Letters from Midgard
Not talking, not listening, not the answer.
Perhaps you remember hearing about my friend Bub in an earlier column. Bub is, to put it mildly, impassioned. Mostly it is environmental issues that really get his blood pressure up.
It is interesting to watch Bub when he is On A Roll over one of his issues. You can see precisely when he loses his audience. It doesn't take long for this to happen. There is a subtle change in the eyes, in the voice, and Bub is no longer talking with you or to you. Something in you knows. He is only talking at you from here on. You have become less of a person and more of a target. It's not that he intends for this to happen. It just does. Only two things are needed from you now: sit with rapt attention, and then agree with him vehemently when he is done, which may be some time much later this afternoon. You are well-advised to mind the requirements of your role.
Perhaps you do agree with him. But even if you do, you probably mentally retrieved your hat and coat and left the hall when that subtle change in Bub's eyes and voice happened.
Bub is not the only one who does this. I've spent a fair amount of time in front of audiences, and I'll claim some expertise here. It's quite common. Do I ever do this? You bet I do! In the moment, the Inner Critic syncs up with the Inner Performer, and there is this sudden belief that what I'm delivering is a speech worthy of Hamlet, or Macbeth, or maybe even Perry Mason.
Here's a bit of advice to people speaking in front of an audience, no matter how large or small: don't listen to your Inner Critic. There is little he can tell you that is either useful or worthwhile during that time you are strutting and fretting upon the stage. He may be of more use after, but not by much. What should you be listening to? You should be listening to your audience. Listen to the sound of their breathing, to way they shuffle in their chairs, to the look in their eyes. Especially that: listen to the look in their eyes. Try to listen to them think. And don't ever let yourself talk at them.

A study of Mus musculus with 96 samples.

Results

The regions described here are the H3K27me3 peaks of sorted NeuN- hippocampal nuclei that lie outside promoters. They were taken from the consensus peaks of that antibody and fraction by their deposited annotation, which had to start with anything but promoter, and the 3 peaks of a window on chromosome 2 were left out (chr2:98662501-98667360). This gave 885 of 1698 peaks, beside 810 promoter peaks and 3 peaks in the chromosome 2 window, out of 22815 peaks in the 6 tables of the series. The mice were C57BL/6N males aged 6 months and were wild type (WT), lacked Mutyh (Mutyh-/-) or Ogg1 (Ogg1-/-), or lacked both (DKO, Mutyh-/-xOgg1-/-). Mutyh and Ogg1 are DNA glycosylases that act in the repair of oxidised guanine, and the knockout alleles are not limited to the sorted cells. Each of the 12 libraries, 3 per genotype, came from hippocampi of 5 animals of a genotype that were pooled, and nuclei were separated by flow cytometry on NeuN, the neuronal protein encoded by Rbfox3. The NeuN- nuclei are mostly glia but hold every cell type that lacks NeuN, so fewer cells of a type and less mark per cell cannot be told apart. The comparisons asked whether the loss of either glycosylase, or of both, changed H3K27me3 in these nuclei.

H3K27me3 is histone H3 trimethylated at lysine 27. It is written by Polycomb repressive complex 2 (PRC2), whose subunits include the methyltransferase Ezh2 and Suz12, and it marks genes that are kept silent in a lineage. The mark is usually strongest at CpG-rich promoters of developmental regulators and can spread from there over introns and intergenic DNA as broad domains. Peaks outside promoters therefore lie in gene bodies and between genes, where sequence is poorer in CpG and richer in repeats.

Unless, of course, persuasion is not really what you are doing. Self-congratulation over one's own superior moral stance is terrifically self-seductive.
I sit on the High Rede of The Troth, one of the major Heathen organizations. In more mundane language, that means I am on the Board of Directors. It is our job to set policy and direction for the organization. The founding policy of The Troth is that we don't have room for racist heathenry hereabouts, and everybody in the Asatru/Heathen community knows it.
I also have a Facebook account, where I have several hundred "friends." I do not actually know most of these people. Presumably, they read my book of Heathen-oriented stories and liked it, which makes my day. Then they found me on Facebook and sent me a Friend Request, one of the internet's small but pleasant honors.
I do a little looking into people before I accept, glancing over whatever I can see of their profiles, looking for specific words or phrases that front for people I'd rather not be around. There is even a number, 1488, that Nazitru racists use to identify themselves. If I don't see these, I'll probably accept. As a result, my Facebook feed is busy. Facebook is an enormous waste of time, except for when it isn't. I have learned to skip over some people's posts entirely, while others offer the most interesting links.
Steven Thor Abell is a storyteller and the author of Days in Midgard: A Thousand Years On, a collection of original modern stories based on Heathen myths. As of 2013, he is also Steersman of the High Rede of The Troth.
Abell's column, "Letters from Midgard," is published on occasional Thursdays on the Pagan channel. Subscribe via email or RSS.